Health IT Stories
Recent articles you may have missed
From Chanel Benoit, Account Director at Greenough Brand Storytellers
Cybersecurity still lacking in smaller health systems
A new survey from CHIME and KLAS sheds light on why smaller health systems are falling behind in cybersecurity. Not surprisingly, budget constraints, which are also impacting their ability to recruit qualified infosec talent, top the list. Even established best practices such as having a dedicated chief information security officer (CISO) are all too uncommon. Clearly, it’s time for the boards of these smaller health systems to take notice, and that’s borne out in the CHIME/KLAS survey.
Rural patients turning to telehealth
News of rural and critical access hospital closures due to financial insolvency is now commonplace. This, as written by NPR health policy correspondent Patti Neighmond, is driving more rural patients toward telehealth. But, as Neighmond’s source Robert Blendon, co-director of NPR’s poll and professor of health policy and political analysis at the Harvard Chan School, argues, lack of access to high-speed internet means that the online technology-enabled “revolution” in healthcare is leaving many rural patients behind. We simply must address this.
Telehealth fueled by virtual visits outside the hospital
Finally, telehealth reimbursement barriers are starting to come down and the technology is being used in new ways, including outside the hospital. As an example, Modern Healthcare operations reporter Alex Kacik writes about a Mount Sinai Health System patient who entered an emergency department (ED) for what turned out to be a stomach virus: the ED doctor, Dr. Bruce Darrow, followed up with him by video to ensure that it wasn’t a heart issue.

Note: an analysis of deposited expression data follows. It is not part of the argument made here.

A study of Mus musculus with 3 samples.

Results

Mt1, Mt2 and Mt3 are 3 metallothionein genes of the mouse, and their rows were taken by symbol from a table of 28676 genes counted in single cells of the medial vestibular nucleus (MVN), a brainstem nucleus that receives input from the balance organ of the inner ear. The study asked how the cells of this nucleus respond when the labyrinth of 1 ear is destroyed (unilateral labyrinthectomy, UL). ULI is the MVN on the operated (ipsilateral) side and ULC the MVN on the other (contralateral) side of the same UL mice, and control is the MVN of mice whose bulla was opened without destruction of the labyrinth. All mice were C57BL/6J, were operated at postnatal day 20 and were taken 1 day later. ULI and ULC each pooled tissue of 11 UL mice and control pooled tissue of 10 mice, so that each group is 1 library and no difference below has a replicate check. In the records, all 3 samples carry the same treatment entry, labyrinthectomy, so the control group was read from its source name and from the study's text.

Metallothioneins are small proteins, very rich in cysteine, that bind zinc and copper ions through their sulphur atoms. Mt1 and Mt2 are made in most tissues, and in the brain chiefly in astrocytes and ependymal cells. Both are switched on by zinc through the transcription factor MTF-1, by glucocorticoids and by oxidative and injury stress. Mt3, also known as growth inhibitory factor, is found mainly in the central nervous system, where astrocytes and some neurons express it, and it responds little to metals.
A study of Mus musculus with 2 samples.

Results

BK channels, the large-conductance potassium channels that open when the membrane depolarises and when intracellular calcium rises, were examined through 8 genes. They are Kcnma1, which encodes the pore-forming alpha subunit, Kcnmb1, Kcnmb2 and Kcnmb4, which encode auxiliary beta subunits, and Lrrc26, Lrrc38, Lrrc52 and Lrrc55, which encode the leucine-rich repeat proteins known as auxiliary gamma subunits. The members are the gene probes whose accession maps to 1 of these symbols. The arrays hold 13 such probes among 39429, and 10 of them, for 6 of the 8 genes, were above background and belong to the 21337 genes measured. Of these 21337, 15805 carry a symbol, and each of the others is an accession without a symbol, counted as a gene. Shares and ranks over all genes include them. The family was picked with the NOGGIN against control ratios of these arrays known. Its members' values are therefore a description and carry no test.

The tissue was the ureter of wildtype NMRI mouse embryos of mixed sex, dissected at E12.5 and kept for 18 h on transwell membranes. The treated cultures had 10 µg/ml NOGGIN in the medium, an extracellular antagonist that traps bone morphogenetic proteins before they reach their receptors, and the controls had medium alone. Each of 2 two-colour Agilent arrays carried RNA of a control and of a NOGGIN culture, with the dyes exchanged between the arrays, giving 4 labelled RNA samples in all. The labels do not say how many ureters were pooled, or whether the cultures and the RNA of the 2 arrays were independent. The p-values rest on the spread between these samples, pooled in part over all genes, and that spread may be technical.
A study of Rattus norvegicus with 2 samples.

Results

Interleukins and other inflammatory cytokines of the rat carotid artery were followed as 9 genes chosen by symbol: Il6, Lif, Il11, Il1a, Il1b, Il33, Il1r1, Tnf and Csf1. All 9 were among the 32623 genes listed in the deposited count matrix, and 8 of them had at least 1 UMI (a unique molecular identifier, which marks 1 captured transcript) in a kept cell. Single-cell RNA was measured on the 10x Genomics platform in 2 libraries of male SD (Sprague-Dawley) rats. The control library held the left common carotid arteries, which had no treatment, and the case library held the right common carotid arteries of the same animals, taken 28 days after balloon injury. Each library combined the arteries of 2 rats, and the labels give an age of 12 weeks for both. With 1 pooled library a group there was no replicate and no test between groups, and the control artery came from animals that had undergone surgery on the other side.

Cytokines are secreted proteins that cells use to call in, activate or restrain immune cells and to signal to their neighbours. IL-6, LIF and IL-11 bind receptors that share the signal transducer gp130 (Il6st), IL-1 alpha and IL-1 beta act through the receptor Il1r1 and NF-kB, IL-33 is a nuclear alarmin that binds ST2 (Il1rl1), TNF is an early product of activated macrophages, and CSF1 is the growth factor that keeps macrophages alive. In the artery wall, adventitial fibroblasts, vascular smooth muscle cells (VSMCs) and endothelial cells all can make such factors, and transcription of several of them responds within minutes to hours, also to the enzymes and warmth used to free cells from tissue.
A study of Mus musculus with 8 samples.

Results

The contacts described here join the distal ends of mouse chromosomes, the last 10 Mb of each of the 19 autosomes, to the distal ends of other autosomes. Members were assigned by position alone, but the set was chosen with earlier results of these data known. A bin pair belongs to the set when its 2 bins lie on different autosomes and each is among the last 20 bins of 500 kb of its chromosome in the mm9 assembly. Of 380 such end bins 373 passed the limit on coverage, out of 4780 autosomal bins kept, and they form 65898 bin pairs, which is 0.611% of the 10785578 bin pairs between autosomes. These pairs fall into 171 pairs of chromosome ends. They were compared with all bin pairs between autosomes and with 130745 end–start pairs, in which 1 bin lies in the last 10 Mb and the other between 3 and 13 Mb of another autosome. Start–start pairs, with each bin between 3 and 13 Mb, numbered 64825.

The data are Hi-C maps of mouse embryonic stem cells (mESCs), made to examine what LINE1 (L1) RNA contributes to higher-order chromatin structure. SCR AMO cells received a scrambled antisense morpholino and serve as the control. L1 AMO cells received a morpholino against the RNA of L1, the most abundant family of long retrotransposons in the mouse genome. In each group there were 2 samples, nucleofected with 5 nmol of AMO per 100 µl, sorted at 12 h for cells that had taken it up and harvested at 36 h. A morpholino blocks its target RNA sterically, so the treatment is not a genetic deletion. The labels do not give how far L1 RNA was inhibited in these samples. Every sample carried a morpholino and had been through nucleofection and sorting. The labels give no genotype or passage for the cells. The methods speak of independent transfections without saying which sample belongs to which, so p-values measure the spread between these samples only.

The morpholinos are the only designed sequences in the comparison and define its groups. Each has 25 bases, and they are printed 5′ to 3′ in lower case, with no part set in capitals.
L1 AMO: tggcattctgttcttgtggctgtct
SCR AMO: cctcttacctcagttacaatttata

“He did not have to take a half day off of work and could do that from the comfort of his own desk,” said Darrow, adding that he was able to verify the patient’s medication adherence and check any lingering or new symptoms. “For him, you could argue he had a better visit with a doctor by not going to a doctor.”
If we’re going to bend the cost curve in healthcare and provide a better care experience, patients need more convenient and affordable options than the ER. Telehealth just may be the answer.
A $130.5 billion telemedicine market
The global telemedicine market is projected to expand from $38.3 billion to $130.5 billion by 2025. While few people will be surprised to hear the market is growing, what is interesting is how far providers – of all ages – have come in embracing the technology in a relatively short time.
Doximity reported that the number of doctors who self-reported telemedicine as a skill doubled from 2015 to 2018. And, while more than half of job-seeking doctors ages 31 to 50 were interested in telemedicine positions, 41% of those over 50 also showed interest.